A Research Fellowship Program conducted by WSU and Pullman Police Department was awarded the Smart 50 Award at the end of May.
The award recognizes innovation in government as it relates to improvising various outcomes, said David Makin, WSU Department of Criminal Justice and Criminology associate professor.
“It’s really about how local government business entities are innovating to be more efficient, more effective and more equitable in their role,” he said.
Pullman PD Chief Gary Jenkins said the award is handed out by an organization called Smart Cities Connect. At the time the award application was filed, there were 350 others applicants.
“Out of all [the applications] they received … they felt that ours was one of the top 50,” Jenkins said.
The program allows a doctoral student to get directly involved with providing research for police, he said.
“When we have some research needs, we have questions that we want answered,” he said, “then that doctoral student will provide that research and assistance to us.”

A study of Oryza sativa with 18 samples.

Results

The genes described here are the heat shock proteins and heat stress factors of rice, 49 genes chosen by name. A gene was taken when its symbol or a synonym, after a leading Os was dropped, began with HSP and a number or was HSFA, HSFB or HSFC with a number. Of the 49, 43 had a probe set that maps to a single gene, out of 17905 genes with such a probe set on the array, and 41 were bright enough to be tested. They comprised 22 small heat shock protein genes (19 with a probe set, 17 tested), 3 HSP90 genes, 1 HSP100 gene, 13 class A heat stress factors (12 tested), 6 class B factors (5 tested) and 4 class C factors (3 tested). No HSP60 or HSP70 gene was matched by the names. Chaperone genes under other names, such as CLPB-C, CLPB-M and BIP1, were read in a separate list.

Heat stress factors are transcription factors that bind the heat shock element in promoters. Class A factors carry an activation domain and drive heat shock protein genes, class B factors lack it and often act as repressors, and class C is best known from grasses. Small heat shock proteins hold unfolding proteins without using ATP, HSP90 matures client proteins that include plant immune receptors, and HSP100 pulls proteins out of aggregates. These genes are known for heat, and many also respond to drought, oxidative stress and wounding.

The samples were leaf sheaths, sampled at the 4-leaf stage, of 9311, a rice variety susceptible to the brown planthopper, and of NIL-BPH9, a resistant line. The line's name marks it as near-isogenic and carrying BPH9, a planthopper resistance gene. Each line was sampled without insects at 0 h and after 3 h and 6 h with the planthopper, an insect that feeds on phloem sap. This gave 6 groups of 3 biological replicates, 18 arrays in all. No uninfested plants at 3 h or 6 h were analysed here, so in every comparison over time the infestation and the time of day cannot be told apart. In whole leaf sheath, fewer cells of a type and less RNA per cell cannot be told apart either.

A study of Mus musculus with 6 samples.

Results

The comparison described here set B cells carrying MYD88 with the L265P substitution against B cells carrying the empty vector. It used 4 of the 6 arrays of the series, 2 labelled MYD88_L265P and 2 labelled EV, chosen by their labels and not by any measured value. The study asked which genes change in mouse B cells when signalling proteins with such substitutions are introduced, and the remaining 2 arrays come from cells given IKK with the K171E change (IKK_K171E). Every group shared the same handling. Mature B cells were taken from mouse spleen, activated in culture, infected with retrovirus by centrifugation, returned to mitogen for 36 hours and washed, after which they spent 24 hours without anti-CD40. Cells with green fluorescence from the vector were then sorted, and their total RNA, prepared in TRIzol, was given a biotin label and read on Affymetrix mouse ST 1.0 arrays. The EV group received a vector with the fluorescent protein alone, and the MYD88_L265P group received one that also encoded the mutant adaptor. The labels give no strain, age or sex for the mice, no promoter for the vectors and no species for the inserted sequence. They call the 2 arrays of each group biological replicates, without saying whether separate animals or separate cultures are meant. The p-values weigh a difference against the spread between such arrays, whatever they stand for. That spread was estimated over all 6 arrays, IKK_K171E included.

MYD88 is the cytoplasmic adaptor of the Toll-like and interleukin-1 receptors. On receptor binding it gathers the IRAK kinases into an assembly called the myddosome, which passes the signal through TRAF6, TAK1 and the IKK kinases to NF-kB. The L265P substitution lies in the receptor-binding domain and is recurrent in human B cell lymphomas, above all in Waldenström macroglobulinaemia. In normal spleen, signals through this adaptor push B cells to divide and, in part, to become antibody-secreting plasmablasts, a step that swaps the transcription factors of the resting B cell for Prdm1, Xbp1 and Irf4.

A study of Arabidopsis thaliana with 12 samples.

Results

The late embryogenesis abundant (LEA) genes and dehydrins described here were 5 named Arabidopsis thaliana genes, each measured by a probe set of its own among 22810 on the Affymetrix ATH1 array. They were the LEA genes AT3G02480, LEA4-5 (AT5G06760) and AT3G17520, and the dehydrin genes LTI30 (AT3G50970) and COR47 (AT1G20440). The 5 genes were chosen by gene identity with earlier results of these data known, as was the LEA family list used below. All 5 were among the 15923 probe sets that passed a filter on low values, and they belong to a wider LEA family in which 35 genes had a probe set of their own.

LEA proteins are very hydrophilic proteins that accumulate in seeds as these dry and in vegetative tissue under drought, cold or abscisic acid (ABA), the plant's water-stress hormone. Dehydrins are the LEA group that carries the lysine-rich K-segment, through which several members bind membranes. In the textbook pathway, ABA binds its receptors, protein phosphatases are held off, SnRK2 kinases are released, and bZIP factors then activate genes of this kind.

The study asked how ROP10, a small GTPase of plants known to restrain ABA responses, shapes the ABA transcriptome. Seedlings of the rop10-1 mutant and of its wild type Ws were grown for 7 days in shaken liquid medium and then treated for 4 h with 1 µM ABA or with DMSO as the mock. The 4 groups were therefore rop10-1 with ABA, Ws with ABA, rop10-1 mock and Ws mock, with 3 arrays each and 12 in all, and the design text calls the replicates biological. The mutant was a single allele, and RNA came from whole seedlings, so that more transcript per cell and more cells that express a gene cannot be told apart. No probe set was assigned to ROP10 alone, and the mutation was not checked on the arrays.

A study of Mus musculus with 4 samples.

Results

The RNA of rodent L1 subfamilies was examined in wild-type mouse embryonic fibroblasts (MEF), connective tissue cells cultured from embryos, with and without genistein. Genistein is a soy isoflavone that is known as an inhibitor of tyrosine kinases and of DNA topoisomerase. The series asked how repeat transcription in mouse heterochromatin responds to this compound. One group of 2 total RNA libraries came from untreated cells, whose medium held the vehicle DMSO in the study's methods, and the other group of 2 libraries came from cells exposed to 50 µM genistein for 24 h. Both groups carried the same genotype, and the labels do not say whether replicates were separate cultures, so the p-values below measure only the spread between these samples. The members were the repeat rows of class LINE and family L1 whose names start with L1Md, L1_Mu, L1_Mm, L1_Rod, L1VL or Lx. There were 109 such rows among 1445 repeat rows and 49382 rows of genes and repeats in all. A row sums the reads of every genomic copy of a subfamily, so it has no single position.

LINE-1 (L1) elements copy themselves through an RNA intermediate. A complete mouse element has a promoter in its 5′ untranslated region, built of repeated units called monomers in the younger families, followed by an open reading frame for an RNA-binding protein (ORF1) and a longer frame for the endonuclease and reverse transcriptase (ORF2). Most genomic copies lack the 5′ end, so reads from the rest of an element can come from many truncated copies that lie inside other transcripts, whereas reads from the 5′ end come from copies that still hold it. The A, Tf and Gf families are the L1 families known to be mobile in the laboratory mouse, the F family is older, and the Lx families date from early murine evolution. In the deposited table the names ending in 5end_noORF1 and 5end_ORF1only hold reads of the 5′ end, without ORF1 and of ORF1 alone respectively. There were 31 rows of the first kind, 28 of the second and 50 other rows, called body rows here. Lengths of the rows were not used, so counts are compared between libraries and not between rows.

Makin created the fellowship with the goal of helping to train doctoral students on how to work with police and what research can be done to benefit smaller departments like Pullman PD.
“This is really a fellowship to train graduate students to be able to work with these smaller departments on really important research that they need to really become better at what they do,” he said.
Makin said this is a three-year fellowship that runs from 2019 until 2022.
Megan Parks, public safety research fellow, said she applied for the fellowship when it was just starting, around the same time she was applying for her doctoral program.
Parks said her primary role is helping the police department make use of the data they receive and engage with.
“I do things like help with grant writing [and] some evaluation research projects,” she said. “I’ve done some research briefs and data briefs for the agency.”
She said working with the program is an awesome experience and she enjoys working with the police department.
“It’s really kind of opened my eyes to a lot of these types of collaborations between the police firm and the university and just kind of bridging that gap,” she said. “I think being able to be so involved with the police department has really been my favorite part.”